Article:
Civic Tech Products, Industry Optimism on Display at Boston Showcase

There are plenty of problems in government that technology might be able to help fix, like boosting transparency and increasing the efficiency of public services.

But governments—from municipalities on up to the feds—have always been tough customers for startups to crack, thanks to long sales cycles, tight budgets, rules for maintaining fair bidding processes, and other barriers that can pop up.

“Every other industry has had innovation over the last couple of decades,” said Clear Ballot chief operating officer Jordan Esten. “Government hasn’t.”

Esten’s company was one of 11 civic and government tech startups that showcased their products Tuesday night at a Mass Innovation Nights event held at District Hall in Boston’s Seaport district.

The companies demonstrated a variety of problems being tackled in civic tech, such as improving the voting process, enabling direct conversations between leaders and their constituents, making municipal finances easier to track and understand, boosting safety measures for police officers, creating more support tools for recovering addicts, and crowdsourcing public safety information.

Esten expressed optimism that it’s getting easier to convince government officials to adopt new technology. His company developed a system aimed at more accurately and efficiently tabulating paper ballot results in elections.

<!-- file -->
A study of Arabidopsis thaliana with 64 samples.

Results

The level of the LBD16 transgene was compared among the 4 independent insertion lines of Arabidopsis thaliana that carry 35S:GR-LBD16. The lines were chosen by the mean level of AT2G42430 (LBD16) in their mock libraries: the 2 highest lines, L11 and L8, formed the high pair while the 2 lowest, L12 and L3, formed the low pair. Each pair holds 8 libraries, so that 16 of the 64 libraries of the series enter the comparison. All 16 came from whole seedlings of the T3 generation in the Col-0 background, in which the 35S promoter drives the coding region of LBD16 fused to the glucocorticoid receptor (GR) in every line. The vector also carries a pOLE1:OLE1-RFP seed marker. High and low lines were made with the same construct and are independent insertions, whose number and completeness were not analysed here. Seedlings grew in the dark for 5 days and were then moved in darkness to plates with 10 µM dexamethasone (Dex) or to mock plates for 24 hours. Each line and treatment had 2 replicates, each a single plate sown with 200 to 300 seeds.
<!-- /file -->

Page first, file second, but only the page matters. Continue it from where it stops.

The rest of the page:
“They’re pretty fed up with” using dated technology, Esten said of election officials and other government leaders. “The demand is out there.” Clear Ballot’s technology has been tested in several states, and Esten said it’s aiming to get approved for use in Massachusetts next year.

But it’s not always easy for entrepreneurs to get their products in front of government leaders. That was one of the goals of the event, said Mass Innovation Nights founder Bobbie Carlton.

Among the attendees were Mark Nunnelly, the Massachusetts Department of Revenue commissioner, and Sam Hammar, director of strategic partnerships for the state’s Office of Information Technology.

Before five of the companies presented to the audience, Hammar gave a plug for a couple of the state’s tech-related initiatives. She solicited help redesigning the state’s main website, which is being overhauled. She also highlighted an online form that enables startups to submit information about their products and services, helping the state scout for innovations that might improve their operations and public services.

It seems a key step for government is to show up and meet people who are solving problems.

“How do we make ourselves more useful and relevant to our citizens?” Nunnelly said. “Maybe the most important thing going for us is by being here and being part of this extraordinary ecosystem and community. So, embracing the innovation.”